As Long Beach continues its goal of becoming a “21st century city,” via modernized construction plans and housing projects, the City stands on a balanced budget despite some underestimated revenue gains, according to officials this week.
Long Beach Mayor Robert Garcia, City Manager Patrick West and other officials on Monday presented the Fiscal Year 2018 proposed budget during a press conference, in which Garcia pointed out that the $2.6-billion budget remains balanced, fiscally prudent and pays down the City’s pension liabilities.
“I’m proud that our budget is fiscally responsible and makes critical investments in public safety and infrastructure,” the mayor said. “This is the largest investment to street and sidewalk repairs in a generation.”
The budget boasts major infrastructure improvements, indicating that every neighborhood in Long Beach will be impacted by the proposed spending. More than 50 miles of streets and sidewalks are to be renovated under the budget. Additionally, 34 parks, 10 libraries and 21 other facilities would benefit from the funding.
“We are continuing our park programs and expanding a lot of services,” Garcia said. “We are ensuring that we are responsible toward our communities.”
The recent passing of Measure A– a transactions-and-use sales tax, lasting a period of 10 years, on all personal property sold in the city– allows officials to focus on public safety and infrastructure concerns.
The proposed budget will use Measure A funds to support 37 new positions in the Long Beach police and fire departments. Police academies are expected to expand, and an additional 28 LBPD officers will oversee the Metro Blue Line.
Funds allocated in the budget are in place to support four citywide cleaning crews, called Clean Teams, to tackle graffiti and urban blight. These teams consist of two individuals each with seven dedicated vehicles to be shared.
Safety was a key topic of conversation during the conference. Garcia said that Long Beach’s 911 emergency contact phone number would receive an upgrade under the proposed budget that would allow emergency services to locate the position from where the call originated. This technological upgrade would also introduce one single phone number to contact the City’s services, replacing the current list of different municipal contact phone numbers.
The mayor mentioned that specific services citizens wanted were kept in mind when proposing the budget. These services include increased pet adoption efforts, maintained Sunday library hours and full financial support of the municipal band.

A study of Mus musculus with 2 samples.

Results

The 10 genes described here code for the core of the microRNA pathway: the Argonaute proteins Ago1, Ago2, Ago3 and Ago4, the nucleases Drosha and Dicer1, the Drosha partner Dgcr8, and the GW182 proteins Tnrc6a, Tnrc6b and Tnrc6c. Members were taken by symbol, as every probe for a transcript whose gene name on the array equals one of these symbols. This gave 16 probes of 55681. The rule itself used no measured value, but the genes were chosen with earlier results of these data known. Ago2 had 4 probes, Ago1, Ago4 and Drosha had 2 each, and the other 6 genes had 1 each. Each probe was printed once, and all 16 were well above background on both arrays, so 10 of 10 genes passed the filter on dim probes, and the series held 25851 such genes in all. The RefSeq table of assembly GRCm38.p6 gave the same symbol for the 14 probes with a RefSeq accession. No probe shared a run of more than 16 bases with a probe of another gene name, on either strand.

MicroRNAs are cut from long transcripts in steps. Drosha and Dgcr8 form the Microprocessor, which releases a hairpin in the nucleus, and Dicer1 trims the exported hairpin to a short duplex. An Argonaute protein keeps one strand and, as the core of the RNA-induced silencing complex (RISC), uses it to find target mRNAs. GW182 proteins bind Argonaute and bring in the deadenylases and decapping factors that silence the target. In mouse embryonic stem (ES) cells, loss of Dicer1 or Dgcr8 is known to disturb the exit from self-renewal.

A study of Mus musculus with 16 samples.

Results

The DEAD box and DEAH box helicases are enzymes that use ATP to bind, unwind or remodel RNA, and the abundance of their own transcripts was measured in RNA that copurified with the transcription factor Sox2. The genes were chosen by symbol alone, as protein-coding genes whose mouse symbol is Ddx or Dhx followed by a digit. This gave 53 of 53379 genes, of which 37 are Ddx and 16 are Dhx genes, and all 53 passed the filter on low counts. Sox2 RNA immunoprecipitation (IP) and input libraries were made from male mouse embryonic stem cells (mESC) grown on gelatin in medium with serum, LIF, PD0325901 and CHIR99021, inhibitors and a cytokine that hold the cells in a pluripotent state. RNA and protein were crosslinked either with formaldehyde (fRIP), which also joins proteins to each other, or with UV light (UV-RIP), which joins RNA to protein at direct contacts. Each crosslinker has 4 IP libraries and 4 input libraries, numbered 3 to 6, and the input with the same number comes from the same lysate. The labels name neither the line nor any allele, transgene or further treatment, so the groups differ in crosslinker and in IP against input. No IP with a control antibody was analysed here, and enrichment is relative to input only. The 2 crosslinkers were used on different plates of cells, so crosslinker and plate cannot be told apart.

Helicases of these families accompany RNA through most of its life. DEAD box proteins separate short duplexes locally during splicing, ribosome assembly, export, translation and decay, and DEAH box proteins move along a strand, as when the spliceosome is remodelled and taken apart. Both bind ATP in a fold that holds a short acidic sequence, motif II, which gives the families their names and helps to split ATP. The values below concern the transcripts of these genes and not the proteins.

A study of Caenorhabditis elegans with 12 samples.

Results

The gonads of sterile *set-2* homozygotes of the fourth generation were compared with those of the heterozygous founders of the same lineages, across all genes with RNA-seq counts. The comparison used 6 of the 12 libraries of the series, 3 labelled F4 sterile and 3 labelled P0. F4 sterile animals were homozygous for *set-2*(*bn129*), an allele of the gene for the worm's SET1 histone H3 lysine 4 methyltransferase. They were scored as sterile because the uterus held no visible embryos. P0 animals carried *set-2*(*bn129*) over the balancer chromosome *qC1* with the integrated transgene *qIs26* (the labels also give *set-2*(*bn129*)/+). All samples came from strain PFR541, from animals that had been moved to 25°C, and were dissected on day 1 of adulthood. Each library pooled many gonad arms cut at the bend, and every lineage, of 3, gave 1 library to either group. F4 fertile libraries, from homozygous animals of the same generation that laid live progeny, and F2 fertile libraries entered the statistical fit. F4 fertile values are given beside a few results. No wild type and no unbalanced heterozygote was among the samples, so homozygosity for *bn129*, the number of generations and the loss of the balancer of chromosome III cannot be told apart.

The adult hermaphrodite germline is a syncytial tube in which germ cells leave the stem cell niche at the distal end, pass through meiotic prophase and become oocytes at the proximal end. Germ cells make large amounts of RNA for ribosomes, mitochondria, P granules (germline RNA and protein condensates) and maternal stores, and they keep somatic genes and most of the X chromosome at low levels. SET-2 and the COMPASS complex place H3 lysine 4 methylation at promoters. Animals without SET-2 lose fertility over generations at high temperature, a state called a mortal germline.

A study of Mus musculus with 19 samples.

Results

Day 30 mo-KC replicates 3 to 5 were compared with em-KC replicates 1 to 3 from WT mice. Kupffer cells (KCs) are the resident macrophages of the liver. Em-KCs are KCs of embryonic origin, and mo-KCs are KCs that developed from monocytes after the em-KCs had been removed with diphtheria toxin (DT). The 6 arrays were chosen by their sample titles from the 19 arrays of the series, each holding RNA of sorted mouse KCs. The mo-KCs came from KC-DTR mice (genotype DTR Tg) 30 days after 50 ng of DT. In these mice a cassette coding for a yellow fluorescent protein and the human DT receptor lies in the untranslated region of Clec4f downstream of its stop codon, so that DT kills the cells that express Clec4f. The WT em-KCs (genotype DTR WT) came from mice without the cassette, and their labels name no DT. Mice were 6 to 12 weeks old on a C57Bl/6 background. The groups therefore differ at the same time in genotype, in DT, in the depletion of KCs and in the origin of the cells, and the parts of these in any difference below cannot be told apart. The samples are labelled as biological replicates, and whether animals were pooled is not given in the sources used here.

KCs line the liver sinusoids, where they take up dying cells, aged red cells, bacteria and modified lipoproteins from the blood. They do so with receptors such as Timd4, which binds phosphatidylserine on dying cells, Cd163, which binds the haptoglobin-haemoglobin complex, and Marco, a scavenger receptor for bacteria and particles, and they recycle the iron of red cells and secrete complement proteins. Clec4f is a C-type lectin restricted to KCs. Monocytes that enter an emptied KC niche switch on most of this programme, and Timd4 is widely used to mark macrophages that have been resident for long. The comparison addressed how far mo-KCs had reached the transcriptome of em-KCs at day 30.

All these highlighted areas of the budget fall under the General Fund– the only discretionary portion of the City’s $2.6-billion budget. It only accounts for 17 percent, or $461 million, of recurring costs, of the Fiscal Year 2018 proposed budget.
The General Fund is then further broken down, and those funds are shared between various City departments. Slightly less that 70 percent of the General Fund is devoted to public safety. The remaining 30 percent supports all other departments that rely, to some degree, on the General Fund.
According to city officials, 82 percent of expenditures are used to pay the salaries and benefits of the employees that perform municipal services.
The General Fund primarily depends on general tax revenue to raise funds. In the Fiscal Year 2018 proposed budget, approximately 59 percent of all General Fund revenue comes from taxes. The City receives 21 percent of Los Angeles County property taxes.
There are several challenges that the City faces when deciding how to structure the budget. The first is a reduction in the City’s ability for revenue growth. The main cause for the revenue decrease is the erosion of the sales tax base due to Internet sales and the State Legislature-directed exemptions or reductions to taxes and fees. Adding to economic concerns is the volatility of oil prices. The drop in oil prices impacts services and one-time spending.
Another major challenge that City officials face is the unfunded liabilities worth $1.2 billion. Expenses to cover CalPERS– an agency in the Californian executive branch that manages pension and health benefits for more than 1.6 million State employees, retirees and their families– are expected to increase by over $10 million to the General Fund each year for the next several years. The recent restructuring of CalPERS’ funding plan is to blame for the increase, despite the plan’s efforts to reduce spending in the years to come.
Lastly, healthcare costs have been increasing for years at rates much higher than anticipated. According to officials, the City has been undergoing independent healthcare eligibility verification reviews, which have resulted in savings for calendar year 2017.
“The City of Long Beach, like other cities in California, will be facing challenges in future years, due to expenses growing faster than revenues,” West said. “Accordingly, we are planning for the future, with an intent to maintain core services.”
The Long Beach City Council will review and vote on whether to adopt the proposed budget in late August and early September.